ALBANY — Yash Jani has a confession to make: Yes, he was honored to be one of five students from Georgia chosen to attend the weeklong Democracy in Action Washington Workshop that introduces high school students to the inner workings of the nation’s government.
But given the fact the rising Deerfield-Windsor senior has already mapped out a career in medicine — much as his father, renowned oncologist Chirag Jani, did — the trip was more of an excursion to the nation’s capital than it was an item to mark off his young-in-life bucket list.
“I missed out on the class trip to Washington, so I’d actually never been before,” Jani said as he discussed the recent Washington Workshop. “It was more a ‘fun, free trip with added benefits’ for me.”
But a funny thing happened to young Jani as he took in the “surreal experience” of watching the nation’s government in action.
“I gained a lot of interest in the political process in an AP Government class I took last year,” the 16-year-old said. “As it turned out, when I arrived in Washington and took part in the activities they had planned for us, a lot of the things we learned in that class — a lot of the terminology — became very real for me.
“I also saw the enormity of our government — the number of assistants that worked in every branch, all the moving parts — and I saw a lot of hard work going on, 15- and 16-hour days by the people we elected to represent us. I realized in the nation’s capital, these Congressmen who hold our fate in their hands are like the celebrities everyone wants to get close to. I came away with a very different perspective.”
The Washington Workshops program is a seminar-based program for high school students to gain an insight into the political atmosphere and climate of the nation’s capital. The seminars give students an opportunity to learn more about today’s issues firsthand from members of Congress, Congressional staffers, executive branch officials, media experts, lobbyists and government organizations.
The program encourages students to challenge government officials on today’s issues and to provide their own insights into helping resolve the complex challenges that confront society. The seminar’s core experiential learning tool, the Model Congress, seeks to educate students about the legislative process. It uses the United States Congress as a basis for participating students to simulate, giving them insight into the pressures, limitations and complexities surrounding policy-making in America.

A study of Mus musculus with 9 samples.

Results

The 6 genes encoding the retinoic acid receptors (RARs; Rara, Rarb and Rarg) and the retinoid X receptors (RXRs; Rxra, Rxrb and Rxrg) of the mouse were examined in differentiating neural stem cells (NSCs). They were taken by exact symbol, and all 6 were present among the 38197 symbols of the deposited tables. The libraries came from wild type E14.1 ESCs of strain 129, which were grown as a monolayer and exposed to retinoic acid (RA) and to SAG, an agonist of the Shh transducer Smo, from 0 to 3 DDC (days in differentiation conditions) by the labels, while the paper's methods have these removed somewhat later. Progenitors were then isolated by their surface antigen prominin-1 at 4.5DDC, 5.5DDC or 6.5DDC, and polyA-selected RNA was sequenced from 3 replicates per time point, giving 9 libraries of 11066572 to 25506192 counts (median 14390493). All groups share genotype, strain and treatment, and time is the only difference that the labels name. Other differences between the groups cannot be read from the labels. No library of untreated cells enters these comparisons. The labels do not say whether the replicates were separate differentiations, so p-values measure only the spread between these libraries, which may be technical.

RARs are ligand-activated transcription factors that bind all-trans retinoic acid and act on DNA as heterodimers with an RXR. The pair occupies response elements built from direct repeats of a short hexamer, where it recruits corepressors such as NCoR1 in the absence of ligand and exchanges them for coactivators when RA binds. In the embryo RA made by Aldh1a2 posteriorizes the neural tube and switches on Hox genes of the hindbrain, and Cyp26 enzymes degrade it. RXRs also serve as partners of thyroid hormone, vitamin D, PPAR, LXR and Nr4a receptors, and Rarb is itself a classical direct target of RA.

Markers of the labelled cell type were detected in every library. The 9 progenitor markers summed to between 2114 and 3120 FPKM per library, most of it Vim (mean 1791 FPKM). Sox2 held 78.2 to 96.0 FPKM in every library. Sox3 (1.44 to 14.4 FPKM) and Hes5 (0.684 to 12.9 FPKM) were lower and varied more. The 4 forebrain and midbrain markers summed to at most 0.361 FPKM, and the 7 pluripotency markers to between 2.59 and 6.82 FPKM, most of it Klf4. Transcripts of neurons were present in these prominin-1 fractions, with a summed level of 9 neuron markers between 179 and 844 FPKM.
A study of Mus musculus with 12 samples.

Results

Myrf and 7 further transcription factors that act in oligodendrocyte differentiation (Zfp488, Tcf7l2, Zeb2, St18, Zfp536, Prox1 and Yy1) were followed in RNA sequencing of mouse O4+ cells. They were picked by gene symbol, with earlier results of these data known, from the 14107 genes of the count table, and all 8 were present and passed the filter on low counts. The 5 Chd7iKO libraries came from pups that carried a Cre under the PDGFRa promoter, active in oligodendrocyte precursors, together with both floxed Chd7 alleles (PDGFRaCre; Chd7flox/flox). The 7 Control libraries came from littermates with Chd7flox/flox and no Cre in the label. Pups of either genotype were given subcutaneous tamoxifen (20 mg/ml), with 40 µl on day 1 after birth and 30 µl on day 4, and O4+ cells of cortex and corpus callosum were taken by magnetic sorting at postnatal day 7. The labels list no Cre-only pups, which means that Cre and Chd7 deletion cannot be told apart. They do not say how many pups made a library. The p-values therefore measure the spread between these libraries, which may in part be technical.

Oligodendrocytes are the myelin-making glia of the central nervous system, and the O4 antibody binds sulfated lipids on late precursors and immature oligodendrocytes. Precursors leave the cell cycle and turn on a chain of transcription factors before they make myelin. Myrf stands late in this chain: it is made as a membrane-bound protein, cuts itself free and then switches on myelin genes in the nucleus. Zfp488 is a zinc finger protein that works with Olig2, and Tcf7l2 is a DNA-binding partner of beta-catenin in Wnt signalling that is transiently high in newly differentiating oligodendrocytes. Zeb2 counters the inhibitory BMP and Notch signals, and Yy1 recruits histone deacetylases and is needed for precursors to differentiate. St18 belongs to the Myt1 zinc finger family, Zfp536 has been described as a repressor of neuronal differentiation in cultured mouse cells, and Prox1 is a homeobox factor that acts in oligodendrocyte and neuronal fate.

“Model Congress allowed us to immerse ourselves in the legislative process,” said Jani, who has applied to several medical schools, chief among them Mercer University, Augusta Medical College, Georgia Tech, Duke and Stanford. “We were divided into three groups and worked to draft a bill. We worked on the proposal — a bill on trade with China — over the seven days of the workshop and quickly realized that it was a lot of work.
“By the third day, we’d made no progress, so we whittled our proposal down to 14 main parts. A short while later, we narrowed it to three. To get that perspective on the process was definitely enlightening.”
While Jani has already decided on a future in medicine — not, he insists, just because of his father’s example but because he saw a close cousin pass away from cancer and realized during the process that he wanted to be a part of a profession that offered help and hope — his trip to Washington added fuel to an idea he’d been considering since completing that AP Government class.
“They offer a specialty degree that includes medicine and law: some MD/MBA/JD kind of combination,” he said. “I’m seriously thinking about that kind of dual approach.”
Yash’s father stresses the connection between politics and the medical profession as he discusses his son’s future.
“The political process is really a part of all we do — from psycho-social care to administrative — it’s all a part of the whole,” Chirag Jani said. “And while you can’t be a master of everything around you, you can be aware of what is happening and how one thing impacts another.
“One thing I’ve learned in my years of medicine is how these very different pursuits often intersect. Working in a small satellite office, I had the opportunity to see someone who represents us in Atlanta who came to our clinic for two or three weeks. He saw the struggles of some patients just to get up from their chairs, and he said, ‘What can I do in Atlanta to get you help?’ He ended up making a significant donation.”
While his week in Washington was eye-opening for Yash Jani, he did get to experience an example of the absurdity that can sometimes be our government. The students participating in the workshops were on a very strict agenda, and time was a precious commodity. When they learned that they’d get to sit in on an actual debate in the Senate for a half-hour before moving on to their next planned activity, there was a buzz of excitement.
“With all the gridlock going on within our government, I thought we would see some lively debate over a vital issue,” Jani said. “As it turned out, it was close to the lunch break, and they were saving all the important stuff for after lunch. We did get to hear the debate about whether an ice cream factory could be placed in a senator’s district.”